The pretty side of why you should start a budget

If you're anything like me when I first started thinking about the word 'budget', your stomach is already in knots. I would go into a little panic and then recover with online shopping therapy. Nevertheless, I overcame my fear of budgets by flipping the script and thinking about it in a new way. I'm not limiting myself on spending, I'm enabling myself to pursue a joyful life.

Before I tell you how I prepare my budget (the knitty, gritty), I want to discuss the lovely part about doing this (the pretty).

Why do you want to have a budget? If the reason is because your dad told you to (s/o past me at 22), then chances are you don't really want to do this. And if you're not invested in it up front, then I would guess you will think about it for a month, let it slip one weekend and then just hop on board that fun, budget-less party train through life on month to month earnings. And, of course, repeat every time you're stomach knots up over that 'budget' word.

So why do you want to budget your income? Most people can resonate with one of two why's: you're seeking out less stress (b/c bills) or you're seeking to make a life move (b/c homes, vacations, kids & weddings are so wonderful).

Right now my why is two things: To travel this summer without stress and to save up for a down payment on my future home. And this works for me. I look at an adorable ceramic stool for 160 euros and think "add to cart". My next thoughts are "flight to Spain" and "3 car garage". Often times this works for me. I admire that stool and the artist who painted it, imagine myself with it in my future home, and close the page to return to life. You too should have your own why which actually causes you to slow down and think about what you should spend / not spend in order to reach it.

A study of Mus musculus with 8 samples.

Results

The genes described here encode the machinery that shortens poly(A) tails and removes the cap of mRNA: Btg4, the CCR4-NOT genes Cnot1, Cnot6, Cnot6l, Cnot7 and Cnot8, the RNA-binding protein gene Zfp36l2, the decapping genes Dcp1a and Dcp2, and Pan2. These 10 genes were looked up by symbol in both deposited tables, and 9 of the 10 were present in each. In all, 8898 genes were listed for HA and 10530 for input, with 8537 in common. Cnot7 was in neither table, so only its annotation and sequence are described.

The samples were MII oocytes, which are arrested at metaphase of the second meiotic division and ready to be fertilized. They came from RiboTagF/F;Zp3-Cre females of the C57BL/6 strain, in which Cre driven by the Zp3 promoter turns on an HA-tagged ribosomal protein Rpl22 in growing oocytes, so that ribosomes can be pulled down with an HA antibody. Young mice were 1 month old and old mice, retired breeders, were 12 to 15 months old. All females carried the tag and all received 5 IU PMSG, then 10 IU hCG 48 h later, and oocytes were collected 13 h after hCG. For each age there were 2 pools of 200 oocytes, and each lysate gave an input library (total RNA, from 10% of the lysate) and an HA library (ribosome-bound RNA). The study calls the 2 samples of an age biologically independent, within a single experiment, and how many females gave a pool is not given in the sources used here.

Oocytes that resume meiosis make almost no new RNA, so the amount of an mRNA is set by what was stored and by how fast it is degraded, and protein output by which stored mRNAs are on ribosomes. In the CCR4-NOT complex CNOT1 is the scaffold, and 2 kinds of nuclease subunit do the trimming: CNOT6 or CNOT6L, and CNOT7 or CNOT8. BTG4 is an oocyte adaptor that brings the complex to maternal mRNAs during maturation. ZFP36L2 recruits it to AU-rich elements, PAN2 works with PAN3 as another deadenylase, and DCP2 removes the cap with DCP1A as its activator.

However, if I'm looking at this ceramic stool and thinking.... no I really need this. I love it and it will make me happy all the time. Then it's ca-ching, let's buy that baby. Sadly for this specific stool I accepted that it was not yet my time to buy, but you get the point.

All of this is to say that when I'm buying something, I think about how it will impact my goals. Will I not buy a new pair of jeans and buy this instead? Will this bring me happiness? Simply taking the time to slow down and think is such a powerful start. And you would probably be surprised how often you realize your financial goals are more important to you then your online shopping cart.

When you pair questioning your spending with a deep rooted 'why' its like fancy cheese and fine wine - the perfect Friday night baby.

And here's why.

1. You focus on your goals and using your money to reach them, rather than restricting yourself because "adults should have a budget"

2. When you do want to splurge and buy something, you've intentionally thought about how it is going to bring you joy and you become more grateful for the purchase (rather than questioning why the delivery man is leaving random amazon boxes that you don't remember purchasing)

I really want to stress one point: this shouldn't be about being ridiculously restrictive. If a coffee date with a friend makes you happy (and you can reasonably afford it), do it! If you want a yoga membership, you already know I'm on board for that (in fact, I used to clean at my yoga studio at 5:30 in the morning every Monday to have a reduced membership which I could afford).

It's about slowing down and using our money for our true priorities and happiness.